Warriors bolster backcourt in three-team trade
As if the Western Conference needed to become a more difficult playoff road to travel, news has just broken that the Golden State Warriors have acquired guards Jordan Crawford and MarShon Brooks from the Boston Celtics in a three-team deal, Adrian Wojnarowski of Yahoo! Sports is reporting.
The Dubs are apparently only giving up Toney Douglas and one of their trade exceptions in order to match salaries, providing a few bucks of cap relief for the Celtics and acquiring much-needed backcourt help without having to give up a thing, basically. Douglas will reportedly be rerouted to Miami, and the Heat will send Joel Anthony and Philadelphia’s future first-rounder (top-14 protected in 2014; top-10 protected in 2015) and a future second-round pick to Boston to consummate the deal.
Golden State has had issues with backcourt depth after letting Jarrett Jack walk during the offseason. Douglas has been less than effective, and when Stephen Curry or Andre Iguodala sits for whatever reason, the Warriors have woefully lacked in competent ball-handlers. On paper, this move seems to bolster an already excellent team.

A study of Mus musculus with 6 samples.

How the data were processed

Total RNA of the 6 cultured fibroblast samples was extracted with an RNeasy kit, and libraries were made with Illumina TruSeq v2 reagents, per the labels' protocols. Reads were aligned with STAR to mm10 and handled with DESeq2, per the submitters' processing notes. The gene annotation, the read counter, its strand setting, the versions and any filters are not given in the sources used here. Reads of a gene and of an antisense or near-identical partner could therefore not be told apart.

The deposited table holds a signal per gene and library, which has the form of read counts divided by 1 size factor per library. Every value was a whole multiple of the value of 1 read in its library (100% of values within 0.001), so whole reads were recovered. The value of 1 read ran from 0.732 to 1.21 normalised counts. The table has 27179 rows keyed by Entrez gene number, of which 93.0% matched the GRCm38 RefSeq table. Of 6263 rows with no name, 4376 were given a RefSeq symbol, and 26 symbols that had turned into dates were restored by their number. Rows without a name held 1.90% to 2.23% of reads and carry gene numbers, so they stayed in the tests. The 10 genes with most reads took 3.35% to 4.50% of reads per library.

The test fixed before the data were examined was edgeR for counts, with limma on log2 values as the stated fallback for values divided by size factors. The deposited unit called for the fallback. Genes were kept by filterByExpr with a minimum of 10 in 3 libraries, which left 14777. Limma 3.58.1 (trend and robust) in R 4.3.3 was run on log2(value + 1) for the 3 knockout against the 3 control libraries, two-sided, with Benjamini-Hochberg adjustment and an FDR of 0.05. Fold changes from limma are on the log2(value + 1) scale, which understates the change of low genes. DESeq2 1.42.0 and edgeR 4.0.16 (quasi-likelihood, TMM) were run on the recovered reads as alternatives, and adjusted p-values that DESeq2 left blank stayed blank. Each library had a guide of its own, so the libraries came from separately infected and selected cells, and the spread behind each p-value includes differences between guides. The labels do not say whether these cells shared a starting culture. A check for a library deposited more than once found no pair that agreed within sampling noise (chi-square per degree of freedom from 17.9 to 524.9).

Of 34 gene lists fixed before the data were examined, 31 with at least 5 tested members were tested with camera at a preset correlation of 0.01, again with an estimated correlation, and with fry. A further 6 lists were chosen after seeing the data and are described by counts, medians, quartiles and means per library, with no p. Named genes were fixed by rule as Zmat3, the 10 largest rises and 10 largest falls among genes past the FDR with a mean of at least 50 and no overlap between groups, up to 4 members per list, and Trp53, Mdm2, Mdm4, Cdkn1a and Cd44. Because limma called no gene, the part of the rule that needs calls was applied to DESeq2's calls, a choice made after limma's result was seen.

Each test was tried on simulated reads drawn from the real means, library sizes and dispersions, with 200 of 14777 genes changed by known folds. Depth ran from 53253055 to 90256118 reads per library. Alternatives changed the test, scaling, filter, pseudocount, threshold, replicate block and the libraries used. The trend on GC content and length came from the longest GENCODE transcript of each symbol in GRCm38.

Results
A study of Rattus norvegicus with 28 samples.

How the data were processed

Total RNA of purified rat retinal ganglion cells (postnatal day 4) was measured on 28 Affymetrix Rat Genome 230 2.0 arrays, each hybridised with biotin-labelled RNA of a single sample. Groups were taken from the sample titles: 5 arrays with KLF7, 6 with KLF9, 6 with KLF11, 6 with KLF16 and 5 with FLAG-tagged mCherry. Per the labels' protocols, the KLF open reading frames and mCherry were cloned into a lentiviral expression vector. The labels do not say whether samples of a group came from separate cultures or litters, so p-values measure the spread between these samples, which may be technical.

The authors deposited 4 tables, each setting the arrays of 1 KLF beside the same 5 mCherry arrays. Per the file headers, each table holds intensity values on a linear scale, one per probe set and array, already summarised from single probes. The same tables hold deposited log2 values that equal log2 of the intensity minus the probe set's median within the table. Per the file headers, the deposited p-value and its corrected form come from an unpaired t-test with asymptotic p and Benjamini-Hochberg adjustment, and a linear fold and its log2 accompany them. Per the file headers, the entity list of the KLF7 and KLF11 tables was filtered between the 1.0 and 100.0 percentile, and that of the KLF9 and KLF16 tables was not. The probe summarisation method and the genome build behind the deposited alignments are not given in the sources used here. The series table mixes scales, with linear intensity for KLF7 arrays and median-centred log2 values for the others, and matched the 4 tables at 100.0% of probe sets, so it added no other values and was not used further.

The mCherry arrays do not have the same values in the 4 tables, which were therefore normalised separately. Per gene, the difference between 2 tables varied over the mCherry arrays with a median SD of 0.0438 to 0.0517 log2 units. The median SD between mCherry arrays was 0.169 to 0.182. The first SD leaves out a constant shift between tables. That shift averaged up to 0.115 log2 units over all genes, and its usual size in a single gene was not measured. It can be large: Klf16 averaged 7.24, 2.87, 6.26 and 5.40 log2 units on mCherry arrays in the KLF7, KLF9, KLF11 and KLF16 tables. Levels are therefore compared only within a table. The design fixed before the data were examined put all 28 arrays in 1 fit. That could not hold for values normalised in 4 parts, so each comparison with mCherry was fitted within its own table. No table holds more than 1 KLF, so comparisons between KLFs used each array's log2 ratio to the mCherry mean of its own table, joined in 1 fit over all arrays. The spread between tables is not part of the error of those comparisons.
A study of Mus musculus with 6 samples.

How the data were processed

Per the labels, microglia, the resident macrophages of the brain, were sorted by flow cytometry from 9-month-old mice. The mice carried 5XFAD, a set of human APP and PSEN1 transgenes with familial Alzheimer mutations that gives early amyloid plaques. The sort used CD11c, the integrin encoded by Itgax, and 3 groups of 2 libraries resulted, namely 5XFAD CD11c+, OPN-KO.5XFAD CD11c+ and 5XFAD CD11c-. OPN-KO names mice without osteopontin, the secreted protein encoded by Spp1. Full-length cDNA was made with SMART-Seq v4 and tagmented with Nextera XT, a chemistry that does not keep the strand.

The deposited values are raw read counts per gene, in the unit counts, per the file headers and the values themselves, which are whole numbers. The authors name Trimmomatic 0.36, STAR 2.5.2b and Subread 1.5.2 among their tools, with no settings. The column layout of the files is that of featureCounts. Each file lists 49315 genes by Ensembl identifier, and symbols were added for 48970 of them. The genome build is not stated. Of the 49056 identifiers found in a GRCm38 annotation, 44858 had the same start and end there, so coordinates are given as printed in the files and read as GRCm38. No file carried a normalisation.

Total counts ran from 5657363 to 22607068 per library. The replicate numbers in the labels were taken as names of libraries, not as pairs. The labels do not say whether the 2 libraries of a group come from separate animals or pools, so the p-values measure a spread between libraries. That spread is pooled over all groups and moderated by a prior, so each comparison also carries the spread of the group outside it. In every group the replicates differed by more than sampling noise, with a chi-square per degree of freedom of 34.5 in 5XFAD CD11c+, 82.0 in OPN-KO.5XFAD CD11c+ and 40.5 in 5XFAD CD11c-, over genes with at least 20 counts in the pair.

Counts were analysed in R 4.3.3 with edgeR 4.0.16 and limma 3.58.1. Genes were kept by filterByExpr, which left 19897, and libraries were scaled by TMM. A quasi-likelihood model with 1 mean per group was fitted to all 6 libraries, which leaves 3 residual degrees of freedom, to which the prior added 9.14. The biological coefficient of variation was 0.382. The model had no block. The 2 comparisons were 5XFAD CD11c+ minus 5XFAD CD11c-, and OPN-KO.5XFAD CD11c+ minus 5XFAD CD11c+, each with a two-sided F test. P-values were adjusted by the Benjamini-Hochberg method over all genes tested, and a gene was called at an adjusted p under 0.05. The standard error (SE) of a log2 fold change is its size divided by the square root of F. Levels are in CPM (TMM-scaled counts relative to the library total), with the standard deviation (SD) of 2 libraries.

The Warriors currently own the 13th-best offense and 4th-best defense in the league, per NBA.com/Stats, which is a strange realization. Douglas was a defensive-minded point guard while Crawford and Brooks are very offensive-minded. It will be interesting to watch going forward.
The Warriors are currently six games behind the Spurs in the loss column, but much of that lost ground came while Iggy missed a significant amount of time. They’re rolling right now, and they may have just gotten better.
It’s going to be a fun stretch run.
Warriors get: (from Boston) Jordan Crawford (G), MarShon Brooks (G).
Celtics get: (from Miami) Joel Anthony; Philadelphia’s first-rounder (top-14 protected in 2014; top-10 protected in 2015) and a second-round pick.
Heat get: (from Golden State) Toney Douglas. (This is a money-saving move for the Heat, as Anthony is on the payroll for $3.8 million this season and next. They’ll save roughly $10 million in luxury-tax payments.)
*The Warriors had to give up one of their traded-player exceptions to absorb the incoming contracts, but it’s unclear where that money went, officially. My bet would be Boston, though.